At a summit on the future of Metrorail, about 100 government, business, and civic leaders discussed how they can work together to help the Washington Metropolitan Area Transit Authority (WMATA) restore the transit system’s “world-class” reputation.
The March 30 summit, Metrorail at 40: Restoring a World-Class System, sponsored by the Greater Washington Board of Trade (BOT) and Metropolitan Washington Council of Governments (COG) and took place during the week of the 40th anniversary of Metrorail’s opening. Participants discussed a variety of topics, including funding, safety, development around Metro stations, and governance.
“We must work together to restore Metro to the world-class stature it once proudly possessed,” said COG Board Chairman Roger Berliner during opening remarks. “It cannot fail. We, as regional leaders, cannot let it fail.”
BOT Chairman Daniel Waetjen added, “I hope that moving forward from today our collective partnership will reinforce how important Metrorail is to the economic vitality of this region.”
The heads of the District of Columbia, Maryland, and Virginia transportation departments discussed immediate issues on safety and reliability, including establishing a tri-state Metro Safety Commission and cultivating a collaborative relationship with federal officials on safety.
WMATA General Manager Paul Wiedefeld and WMATA Board Chairman Jack Evans briefed participants on Metro’s focus on the system’s maintenance needs, its financial outlook, and the urgent need to secure additional funding from area governments as well as the federal government. Evans added that maintenance and repairs could require Metro to close entire lines for several months at a time. He indicated that any decisions related to any need for closures would be made by the General Manager based on further assessment and analysis.
In addition, transportation expert Robert Puentes incoming president of the Eno Center for Transportation and Brookings gave a presentation on how changes in technology and travel behavior could impact Metro. He also noted Metro’s key role in accommodating the region’s forecasted growth over the next several decades.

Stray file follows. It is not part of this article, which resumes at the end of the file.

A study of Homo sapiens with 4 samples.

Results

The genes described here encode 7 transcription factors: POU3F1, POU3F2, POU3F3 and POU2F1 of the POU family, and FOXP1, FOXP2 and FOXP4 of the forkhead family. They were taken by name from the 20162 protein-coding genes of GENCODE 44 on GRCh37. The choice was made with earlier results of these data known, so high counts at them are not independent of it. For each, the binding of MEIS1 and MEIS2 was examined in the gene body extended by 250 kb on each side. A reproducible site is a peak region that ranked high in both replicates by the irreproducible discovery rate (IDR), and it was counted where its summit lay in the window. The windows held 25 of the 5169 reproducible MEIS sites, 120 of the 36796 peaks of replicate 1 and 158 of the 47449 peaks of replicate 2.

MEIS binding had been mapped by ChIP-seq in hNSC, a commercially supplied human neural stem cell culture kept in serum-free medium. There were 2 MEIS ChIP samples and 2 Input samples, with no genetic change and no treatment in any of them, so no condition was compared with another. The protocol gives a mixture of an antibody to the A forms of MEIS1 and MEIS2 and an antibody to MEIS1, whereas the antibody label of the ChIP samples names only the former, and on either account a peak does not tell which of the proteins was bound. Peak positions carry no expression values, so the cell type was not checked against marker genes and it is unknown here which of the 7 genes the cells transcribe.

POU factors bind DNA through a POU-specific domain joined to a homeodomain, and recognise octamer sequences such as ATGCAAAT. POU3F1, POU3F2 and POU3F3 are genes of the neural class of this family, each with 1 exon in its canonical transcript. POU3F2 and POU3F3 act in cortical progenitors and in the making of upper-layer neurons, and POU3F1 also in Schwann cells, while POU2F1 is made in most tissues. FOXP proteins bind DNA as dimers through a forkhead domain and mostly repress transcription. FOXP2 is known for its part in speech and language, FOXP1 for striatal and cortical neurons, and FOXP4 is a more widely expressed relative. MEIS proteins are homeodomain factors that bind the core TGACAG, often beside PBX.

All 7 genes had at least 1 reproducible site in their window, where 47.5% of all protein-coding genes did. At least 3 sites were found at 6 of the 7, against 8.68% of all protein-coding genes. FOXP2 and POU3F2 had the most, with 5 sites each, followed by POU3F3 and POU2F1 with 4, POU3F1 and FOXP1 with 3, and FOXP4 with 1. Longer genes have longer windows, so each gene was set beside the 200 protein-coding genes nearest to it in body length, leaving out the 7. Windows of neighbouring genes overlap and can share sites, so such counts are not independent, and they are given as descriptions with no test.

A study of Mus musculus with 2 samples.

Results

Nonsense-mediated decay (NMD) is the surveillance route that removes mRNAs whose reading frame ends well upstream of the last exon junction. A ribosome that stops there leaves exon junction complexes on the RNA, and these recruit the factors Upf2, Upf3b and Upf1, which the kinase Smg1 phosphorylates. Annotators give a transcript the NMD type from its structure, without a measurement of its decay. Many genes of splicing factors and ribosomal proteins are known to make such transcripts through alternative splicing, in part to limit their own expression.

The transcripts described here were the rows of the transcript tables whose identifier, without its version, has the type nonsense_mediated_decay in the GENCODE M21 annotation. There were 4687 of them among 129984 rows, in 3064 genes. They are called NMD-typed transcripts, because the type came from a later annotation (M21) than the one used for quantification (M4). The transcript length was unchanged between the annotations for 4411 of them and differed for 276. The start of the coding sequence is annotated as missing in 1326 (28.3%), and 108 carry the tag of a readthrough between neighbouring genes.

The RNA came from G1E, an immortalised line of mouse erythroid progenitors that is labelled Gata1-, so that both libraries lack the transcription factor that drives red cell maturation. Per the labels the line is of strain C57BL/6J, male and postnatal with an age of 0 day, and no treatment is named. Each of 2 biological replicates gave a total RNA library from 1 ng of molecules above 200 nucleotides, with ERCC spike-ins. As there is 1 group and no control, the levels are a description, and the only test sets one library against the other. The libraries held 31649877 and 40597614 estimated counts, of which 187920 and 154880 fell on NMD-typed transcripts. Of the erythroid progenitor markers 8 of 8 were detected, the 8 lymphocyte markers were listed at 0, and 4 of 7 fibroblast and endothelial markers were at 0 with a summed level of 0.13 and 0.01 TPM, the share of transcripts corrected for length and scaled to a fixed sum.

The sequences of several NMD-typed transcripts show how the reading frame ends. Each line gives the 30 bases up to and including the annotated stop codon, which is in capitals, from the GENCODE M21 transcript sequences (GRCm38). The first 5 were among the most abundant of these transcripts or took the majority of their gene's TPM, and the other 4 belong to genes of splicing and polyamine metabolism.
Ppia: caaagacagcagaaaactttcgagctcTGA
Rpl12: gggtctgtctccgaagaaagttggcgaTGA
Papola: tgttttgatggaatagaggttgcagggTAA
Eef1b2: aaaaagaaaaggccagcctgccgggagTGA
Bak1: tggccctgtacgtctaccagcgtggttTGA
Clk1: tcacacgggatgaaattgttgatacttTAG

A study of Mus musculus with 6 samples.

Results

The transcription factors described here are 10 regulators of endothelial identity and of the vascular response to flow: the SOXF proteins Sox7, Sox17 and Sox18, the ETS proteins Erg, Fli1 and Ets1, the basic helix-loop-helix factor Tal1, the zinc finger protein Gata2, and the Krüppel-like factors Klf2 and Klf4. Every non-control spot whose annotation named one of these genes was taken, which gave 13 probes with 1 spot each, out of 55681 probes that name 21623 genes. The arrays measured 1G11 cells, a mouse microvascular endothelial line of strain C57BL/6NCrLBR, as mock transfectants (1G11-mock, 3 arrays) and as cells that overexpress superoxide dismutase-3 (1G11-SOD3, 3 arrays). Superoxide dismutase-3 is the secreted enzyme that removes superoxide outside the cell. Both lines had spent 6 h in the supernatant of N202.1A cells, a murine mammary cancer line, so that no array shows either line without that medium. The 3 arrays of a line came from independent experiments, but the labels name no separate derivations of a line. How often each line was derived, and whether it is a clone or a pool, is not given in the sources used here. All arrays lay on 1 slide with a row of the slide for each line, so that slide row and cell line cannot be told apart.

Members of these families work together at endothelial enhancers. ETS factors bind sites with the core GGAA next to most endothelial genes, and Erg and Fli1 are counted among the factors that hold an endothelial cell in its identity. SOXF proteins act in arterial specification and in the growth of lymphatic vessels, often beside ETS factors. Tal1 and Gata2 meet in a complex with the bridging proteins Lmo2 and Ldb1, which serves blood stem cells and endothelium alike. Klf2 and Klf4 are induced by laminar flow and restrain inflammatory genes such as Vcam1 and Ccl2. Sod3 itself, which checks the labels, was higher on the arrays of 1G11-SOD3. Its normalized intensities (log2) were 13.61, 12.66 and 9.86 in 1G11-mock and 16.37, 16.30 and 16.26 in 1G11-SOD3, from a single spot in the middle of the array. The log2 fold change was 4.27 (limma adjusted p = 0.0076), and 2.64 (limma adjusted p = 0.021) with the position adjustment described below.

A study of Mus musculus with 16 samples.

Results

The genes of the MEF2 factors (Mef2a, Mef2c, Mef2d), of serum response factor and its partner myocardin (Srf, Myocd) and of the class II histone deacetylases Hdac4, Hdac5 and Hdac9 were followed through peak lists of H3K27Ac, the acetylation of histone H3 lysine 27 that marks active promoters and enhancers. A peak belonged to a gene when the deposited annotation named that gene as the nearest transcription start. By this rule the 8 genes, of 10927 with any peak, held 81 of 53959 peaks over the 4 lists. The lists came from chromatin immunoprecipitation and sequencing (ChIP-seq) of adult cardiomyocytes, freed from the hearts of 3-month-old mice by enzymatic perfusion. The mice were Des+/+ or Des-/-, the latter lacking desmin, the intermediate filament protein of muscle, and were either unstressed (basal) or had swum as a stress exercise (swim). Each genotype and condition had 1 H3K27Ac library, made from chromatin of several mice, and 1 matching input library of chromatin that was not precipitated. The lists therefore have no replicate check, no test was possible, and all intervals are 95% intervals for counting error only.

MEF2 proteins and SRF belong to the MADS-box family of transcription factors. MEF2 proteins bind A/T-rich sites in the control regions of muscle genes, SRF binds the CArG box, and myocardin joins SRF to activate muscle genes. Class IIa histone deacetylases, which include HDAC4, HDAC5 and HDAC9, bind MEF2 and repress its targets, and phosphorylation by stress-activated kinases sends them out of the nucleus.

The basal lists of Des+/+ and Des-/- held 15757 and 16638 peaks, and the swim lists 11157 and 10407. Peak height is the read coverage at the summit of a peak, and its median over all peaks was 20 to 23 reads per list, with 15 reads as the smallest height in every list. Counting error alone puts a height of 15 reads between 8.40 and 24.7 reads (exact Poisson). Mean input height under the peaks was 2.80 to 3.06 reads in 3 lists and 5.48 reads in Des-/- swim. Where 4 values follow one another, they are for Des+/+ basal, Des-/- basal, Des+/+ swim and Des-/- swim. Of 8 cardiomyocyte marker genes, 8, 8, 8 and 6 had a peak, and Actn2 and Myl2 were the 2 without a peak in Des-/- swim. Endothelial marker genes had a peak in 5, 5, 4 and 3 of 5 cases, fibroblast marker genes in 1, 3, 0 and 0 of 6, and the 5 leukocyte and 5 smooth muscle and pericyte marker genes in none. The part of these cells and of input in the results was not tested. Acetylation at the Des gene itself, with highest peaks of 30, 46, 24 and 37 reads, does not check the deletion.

The summit concluded with an interactive session for participants to identify Metro’s top attributes, challenges, and areas of opportunity. The participants highlighted Metro’s value in connecting the region across many jurisdictions, incorporating many modes of transit, and helping communities around its stations thrive. Among the challenges, they noted the decline in ridership, unsustainable finances, and a loss of credibility. Participants offered a range of ideas for improving the system from transparency to smart land use around Metro stations. Several participants said throughout the summit that Metro must demonstrate safe and reliable operations to attain additional funding.
Berliner reminded participants that the summit was the first step in a new regional effort. He asked all in attendance to “join with us in the months ahead as we delve deeper into the overarching issues that impact Metro.”
As one of the first action items following the summit, COG and BOT is looking into convening a task force to address the top issues identified at the forum, including funding and development. In addition, COG and BOT are planning to convene an event with the leadership of other world-class metro systems through the Community of Metros, an organization known as CoMET. The group provides a forum for their members—top-tier metro systems such as those found in Toronto, Paris, and Beijing—to identify best practices and learn from one another.